The departure of Morgan, known for her strong sales and customer background, is unexpected so soon after her appointment last year. In a statement, SAP said that Morgan and the company's supervisory board both mutually agreed she should depart.
The company said the current environment requires agility and a "very clear leadership structure" so SAP will have a sole CEO model going forward. Klein is 39 years old.
Morgan has been with SAP since 2004 and before becoming co-CEO with Klein she was president of the company's cloud unit.
On a conference call with analysts, Klein was asked about how SAP would make up for Morgan's responsibilities for the cloud unit and sales know-how. Klein responded that the CEO has transition has just occurred but "now it's really the time, of course, to think about how we're going to set up SAP going forward."
Klein wouldn't get into potential management changes. He said:
We need some more time. And at the end, this is also a decision of the Supervisory Board. As you know, also, Stefan Ries will leave the company really soon. And of course, we are looking for a new Chief People Officer. And there will be news coming but please have a little bit patience with us.
However, Klein did give some color on the product strategy. He said:
First of all, we want to win the LOBs, especially those LOBs who are close to the core. HR against Workday, Procurement against Coupa. Also with Bob Stutz now on board with C/4HANA, we definitely also making our bets inmthe front office. And there, of course, we also want to have high competitive solutions. On the other hand, and you know that this was my home turf in the past, we are, of course, also a strong ERP company. Especially in times like this, when I talk now to this -- to many CEOs, but also to, to the public sector they now realize that the ERP is more relevant than ever. When these lockdowns happen. When the supply chains are getting disrupted, suddenly, you have a different kind of talk. We are not talking anymore about the back-end ERP and only automating transactional processes. Now it's about how do you can react to fast-changing demands in the front office and pushing this through a supply chain, which is highly resilient.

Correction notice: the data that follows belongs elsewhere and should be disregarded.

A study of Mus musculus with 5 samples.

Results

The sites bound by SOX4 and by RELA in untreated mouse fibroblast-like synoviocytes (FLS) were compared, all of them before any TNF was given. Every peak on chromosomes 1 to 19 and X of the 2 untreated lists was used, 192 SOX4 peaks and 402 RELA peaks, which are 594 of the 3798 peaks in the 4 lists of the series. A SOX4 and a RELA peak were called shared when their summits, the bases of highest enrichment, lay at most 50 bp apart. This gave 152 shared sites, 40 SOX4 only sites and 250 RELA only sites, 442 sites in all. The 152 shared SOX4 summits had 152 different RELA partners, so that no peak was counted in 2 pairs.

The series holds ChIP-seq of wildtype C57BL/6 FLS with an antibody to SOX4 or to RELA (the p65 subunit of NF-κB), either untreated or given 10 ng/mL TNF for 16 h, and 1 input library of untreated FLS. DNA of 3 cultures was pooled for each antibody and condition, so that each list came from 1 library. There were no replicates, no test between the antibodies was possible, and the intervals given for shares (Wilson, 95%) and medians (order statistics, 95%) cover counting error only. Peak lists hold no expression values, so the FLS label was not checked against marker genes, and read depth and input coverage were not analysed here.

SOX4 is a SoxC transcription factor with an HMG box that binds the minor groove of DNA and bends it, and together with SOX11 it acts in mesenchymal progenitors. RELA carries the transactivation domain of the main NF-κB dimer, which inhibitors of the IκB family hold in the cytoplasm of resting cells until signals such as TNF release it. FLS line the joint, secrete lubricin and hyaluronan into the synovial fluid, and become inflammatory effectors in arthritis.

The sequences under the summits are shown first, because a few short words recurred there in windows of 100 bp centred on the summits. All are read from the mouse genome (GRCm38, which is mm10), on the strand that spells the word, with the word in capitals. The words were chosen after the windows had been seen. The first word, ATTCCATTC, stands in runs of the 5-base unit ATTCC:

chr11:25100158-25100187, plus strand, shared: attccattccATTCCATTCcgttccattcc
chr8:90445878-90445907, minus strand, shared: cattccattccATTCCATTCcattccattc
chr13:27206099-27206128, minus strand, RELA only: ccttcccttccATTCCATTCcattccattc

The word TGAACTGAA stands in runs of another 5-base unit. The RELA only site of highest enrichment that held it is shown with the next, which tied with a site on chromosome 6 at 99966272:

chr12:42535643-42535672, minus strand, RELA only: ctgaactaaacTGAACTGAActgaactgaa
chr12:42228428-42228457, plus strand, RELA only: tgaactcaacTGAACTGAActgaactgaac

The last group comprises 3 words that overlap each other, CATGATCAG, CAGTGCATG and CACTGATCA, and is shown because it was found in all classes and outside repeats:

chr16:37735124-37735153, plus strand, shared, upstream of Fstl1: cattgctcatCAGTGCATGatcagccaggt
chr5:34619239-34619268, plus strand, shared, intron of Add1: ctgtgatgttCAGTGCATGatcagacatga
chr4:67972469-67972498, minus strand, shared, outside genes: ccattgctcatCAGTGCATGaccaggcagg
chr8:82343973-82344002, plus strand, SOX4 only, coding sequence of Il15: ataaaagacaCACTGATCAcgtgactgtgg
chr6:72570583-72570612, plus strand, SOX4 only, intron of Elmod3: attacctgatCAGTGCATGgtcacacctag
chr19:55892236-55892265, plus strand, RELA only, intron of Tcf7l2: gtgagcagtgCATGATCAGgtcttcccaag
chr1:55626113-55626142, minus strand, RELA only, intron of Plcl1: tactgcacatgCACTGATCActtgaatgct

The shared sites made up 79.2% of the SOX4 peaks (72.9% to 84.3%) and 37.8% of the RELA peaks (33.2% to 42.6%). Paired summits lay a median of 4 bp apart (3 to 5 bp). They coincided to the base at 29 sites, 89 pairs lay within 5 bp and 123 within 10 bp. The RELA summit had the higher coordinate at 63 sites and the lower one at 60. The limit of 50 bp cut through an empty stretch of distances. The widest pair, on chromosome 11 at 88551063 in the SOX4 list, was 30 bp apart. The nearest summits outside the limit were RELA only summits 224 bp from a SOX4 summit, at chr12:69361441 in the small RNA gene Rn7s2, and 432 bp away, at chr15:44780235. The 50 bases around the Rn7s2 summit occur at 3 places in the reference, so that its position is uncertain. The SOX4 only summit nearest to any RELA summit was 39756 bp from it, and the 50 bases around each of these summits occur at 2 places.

SAP's Q1 2020 earnings (statement) delivered revenues of €6.521 billion IFRS or €6.522 billion non-IFRS, up 7 percent year-over-year with basic earnings per share of €0.68 (€0.85 non-IFRS), an improvement in comparison to Q1 2019 IFRS, when investors were faced with earnings per share of -$0.10.
SAP reported an operating profit of €1.21 billion IFRS, up 1 percent (non-IFRS) and flat at constant currencies.